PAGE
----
WASHINGTON (11/25/08)—The number of consumers saying they are determined to spend less this year on holiday gifts soared, according to the results of the ninth annual survey commissioned by the Consumer Federation of America (CFA) and the Credit Union National Association (CUNA). “Each year from 2003 to 2007, between 30% and 35% of consumers.
Click to view larger image CUNA Chief Economist Bill Hampel explains the results of the CFA/CUNA survey on consumer holiday spending during the press conference today (Monday)at the National Press Club unveiling the survey and results. Representatives from national and regional news organizations attended the event, including NBC News, AP TV, Fox, CNN, Bloomberg, and ABC radio.
reported that they were planning to cut back their holiday spending,” said CUNA Chief Economist Bill Hampel Monday at a press conference held to discuss the survey findings. This year, he noted, that figured soared. Fifty-five percent of respondents, interviewed by phone between Nov. 6-9, said they were planning to reduce spending “somewhat,” with 27% indicating that they want to spend “much less than last year.” “As a result,” Hampel said, “we may see an actual decline in holiday spending for the first time in many years.” Not surprisingly, the shaky state of the economy and peoples’ concerns about their financial futures were cited as the foremost factor determining consumers’ desire to cut back on holiday spending—36% of those who intend to reduce spending said that was their main reason. “The financial crisis and sustained economic downturn the nation has been experiencing are taking their toll on consumers,” Hampel explained. “People are worried about their finances, job loss, and what the future will hold. Amid their uncertainty, they are reacting by reining in their spending plans.” Hampel said a primary factor fueling financial anxiety is concern about meeting monthly debt obligations. CFA Executive Director Stephen Brobeck noted that a record 48% said this was a concern, with 23% indicating they were “very concerned.” A year ago, only 40% said they were concerned, and that was amid rocketing gasoline and energy costs. Also named as factors contributing to lower spending plans this year: 22% said they had less money; 12.5% cited a desire to save or reduce debt; 10.5% pinned it on higher prices; and 9% said they have less income. The CFA/CUNA report is based on the recent survey of more than 1,000 representative adult Americans by Opinion Research Corporation. The CFA and CUNA suggest the following holiday spending tips to help consumers avoid falling into a seasonal debt trap:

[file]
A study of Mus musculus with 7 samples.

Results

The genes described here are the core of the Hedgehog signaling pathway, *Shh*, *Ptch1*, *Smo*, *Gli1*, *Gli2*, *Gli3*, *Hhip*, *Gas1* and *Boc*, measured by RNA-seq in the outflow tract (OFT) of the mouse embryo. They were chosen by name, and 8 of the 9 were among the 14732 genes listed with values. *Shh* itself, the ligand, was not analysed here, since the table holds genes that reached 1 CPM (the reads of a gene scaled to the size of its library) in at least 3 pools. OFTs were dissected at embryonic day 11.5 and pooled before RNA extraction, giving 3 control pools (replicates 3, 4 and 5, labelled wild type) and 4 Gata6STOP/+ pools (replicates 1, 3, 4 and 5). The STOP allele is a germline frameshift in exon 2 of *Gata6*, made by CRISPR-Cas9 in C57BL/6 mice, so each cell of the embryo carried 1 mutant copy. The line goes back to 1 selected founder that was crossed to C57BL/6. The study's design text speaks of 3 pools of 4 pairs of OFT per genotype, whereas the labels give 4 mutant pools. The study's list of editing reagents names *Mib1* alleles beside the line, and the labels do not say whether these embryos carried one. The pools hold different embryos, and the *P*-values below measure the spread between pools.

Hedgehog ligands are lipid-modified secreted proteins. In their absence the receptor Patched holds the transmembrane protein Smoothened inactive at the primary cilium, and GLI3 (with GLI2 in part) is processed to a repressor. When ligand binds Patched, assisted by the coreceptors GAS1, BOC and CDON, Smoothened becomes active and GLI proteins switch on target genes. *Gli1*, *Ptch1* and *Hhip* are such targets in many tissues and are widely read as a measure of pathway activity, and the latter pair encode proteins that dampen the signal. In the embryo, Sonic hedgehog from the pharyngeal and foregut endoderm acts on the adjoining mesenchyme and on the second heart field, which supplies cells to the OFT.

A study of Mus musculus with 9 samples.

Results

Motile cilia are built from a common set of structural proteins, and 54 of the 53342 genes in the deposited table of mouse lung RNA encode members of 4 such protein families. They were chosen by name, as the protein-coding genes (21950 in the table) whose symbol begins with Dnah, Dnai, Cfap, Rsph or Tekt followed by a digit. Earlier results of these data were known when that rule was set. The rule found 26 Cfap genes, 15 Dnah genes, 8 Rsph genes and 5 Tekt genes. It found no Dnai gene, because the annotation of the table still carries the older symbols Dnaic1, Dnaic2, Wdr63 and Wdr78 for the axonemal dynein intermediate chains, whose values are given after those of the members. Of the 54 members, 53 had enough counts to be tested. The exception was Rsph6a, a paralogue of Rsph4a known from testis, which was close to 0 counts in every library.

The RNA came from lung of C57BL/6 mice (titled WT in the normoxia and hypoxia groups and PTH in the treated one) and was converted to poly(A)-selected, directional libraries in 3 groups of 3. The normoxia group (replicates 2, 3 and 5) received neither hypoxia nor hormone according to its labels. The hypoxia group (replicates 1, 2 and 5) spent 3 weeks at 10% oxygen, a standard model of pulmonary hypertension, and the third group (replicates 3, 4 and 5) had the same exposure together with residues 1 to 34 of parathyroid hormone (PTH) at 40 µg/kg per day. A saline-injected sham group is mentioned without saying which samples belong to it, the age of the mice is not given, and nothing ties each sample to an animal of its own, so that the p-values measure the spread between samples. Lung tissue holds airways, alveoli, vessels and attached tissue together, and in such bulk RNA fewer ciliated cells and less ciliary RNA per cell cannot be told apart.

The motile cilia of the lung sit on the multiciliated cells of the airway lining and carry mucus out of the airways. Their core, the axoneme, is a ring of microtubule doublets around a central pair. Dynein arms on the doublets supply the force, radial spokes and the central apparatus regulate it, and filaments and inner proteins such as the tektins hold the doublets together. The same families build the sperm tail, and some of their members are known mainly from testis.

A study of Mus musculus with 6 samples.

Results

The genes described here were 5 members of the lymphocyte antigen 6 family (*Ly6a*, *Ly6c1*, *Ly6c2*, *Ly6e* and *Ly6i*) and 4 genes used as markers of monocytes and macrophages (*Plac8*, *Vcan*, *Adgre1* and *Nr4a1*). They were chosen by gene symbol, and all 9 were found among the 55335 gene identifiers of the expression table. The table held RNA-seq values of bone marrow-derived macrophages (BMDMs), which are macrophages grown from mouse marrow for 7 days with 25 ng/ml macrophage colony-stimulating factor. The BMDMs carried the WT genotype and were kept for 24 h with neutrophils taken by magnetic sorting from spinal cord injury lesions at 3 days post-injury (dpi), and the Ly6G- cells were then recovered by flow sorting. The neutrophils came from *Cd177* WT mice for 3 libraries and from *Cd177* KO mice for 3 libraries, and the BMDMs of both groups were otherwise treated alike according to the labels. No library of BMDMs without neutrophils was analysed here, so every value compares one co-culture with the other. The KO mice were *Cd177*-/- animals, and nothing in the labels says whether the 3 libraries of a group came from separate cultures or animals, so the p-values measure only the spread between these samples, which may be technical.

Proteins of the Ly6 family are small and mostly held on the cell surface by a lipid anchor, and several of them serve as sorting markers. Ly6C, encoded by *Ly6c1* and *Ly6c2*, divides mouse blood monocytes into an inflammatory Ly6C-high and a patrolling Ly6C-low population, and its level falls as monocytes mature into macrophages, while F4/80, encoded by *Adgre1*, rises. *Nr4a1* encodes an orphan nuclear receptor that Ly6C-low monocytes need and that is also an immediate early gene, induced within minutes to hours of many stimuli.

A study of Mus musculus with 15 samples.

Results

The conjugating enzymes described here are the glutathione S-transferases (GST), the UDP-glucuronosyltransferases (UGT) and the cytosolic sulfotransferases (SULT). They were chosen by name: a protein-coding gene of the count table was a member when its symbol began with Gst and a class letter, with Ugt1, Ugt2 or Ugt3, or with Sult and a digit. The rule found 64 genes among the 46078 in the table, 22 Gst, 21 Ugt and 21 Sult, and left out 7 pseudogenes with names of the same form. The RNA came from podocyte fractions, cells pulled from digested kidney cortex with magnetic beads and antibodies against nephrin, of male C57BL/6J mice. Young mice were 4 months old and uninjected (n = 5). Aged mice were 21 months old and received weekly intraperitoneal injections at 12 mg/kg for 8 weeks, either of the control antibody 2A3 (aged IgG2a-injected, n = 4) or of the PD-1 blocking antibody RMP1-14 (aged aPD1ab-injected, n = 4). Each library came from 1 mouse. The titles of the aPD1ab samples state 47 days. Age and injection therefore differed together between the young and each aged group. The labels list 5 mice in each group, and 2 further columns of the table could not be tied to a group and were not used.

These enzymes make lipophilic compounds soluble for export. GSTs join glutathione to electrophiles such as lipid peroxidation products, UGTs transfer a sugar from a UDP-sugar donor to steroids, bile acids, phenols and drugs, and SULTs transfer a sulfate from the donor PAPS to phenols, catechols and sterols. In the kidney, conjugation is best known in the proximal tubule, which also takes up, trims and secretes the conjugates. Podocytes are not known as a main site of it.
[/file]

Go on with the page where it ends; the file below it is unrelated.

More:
* Make a budget and list what you will buy and how much you can afford to spend and then stay within that budget: * Comparison shop: You can easily save more than 10% on most items by comparing prices at different stores. Often the savings are even greater; * Pay off your holiday debts quickly and remember you are less likely to overdo if you pay with cash or check than if you use either credit or debit cards; * Start saving now for 2009—open a Christmas Club account: While these accounts do not pay much if any interest, they provide a practical way to save small amounts over time; * Be smart about gift cards: read the fine print on each card. If you don’t use the card quickly, it can lose value. There may be a fee for checking your balance as well as a monthly inactivity, maintenance, administrative, or service fee; * Pay attention to return policies. Some stores are tightening return policies. Also keep receipts and note time limits, restocking fees, and other factors that may affect your recipient; * And also, find low- or no-cost ways to enjoy the holiday season. Just a few changes to holiday habits can really ease the strain on a spending budget. Draw names to reduce the number of people for whom you buy gifts; give homemade items; make your own gift wrap; organize a potluck dinner rather than preparing and paying for the entire holiday meal.
CFA’s Brobeck advised, “With just a little planning, consumers can substantially reduce their holiday spending without sacrificing holiday quality.”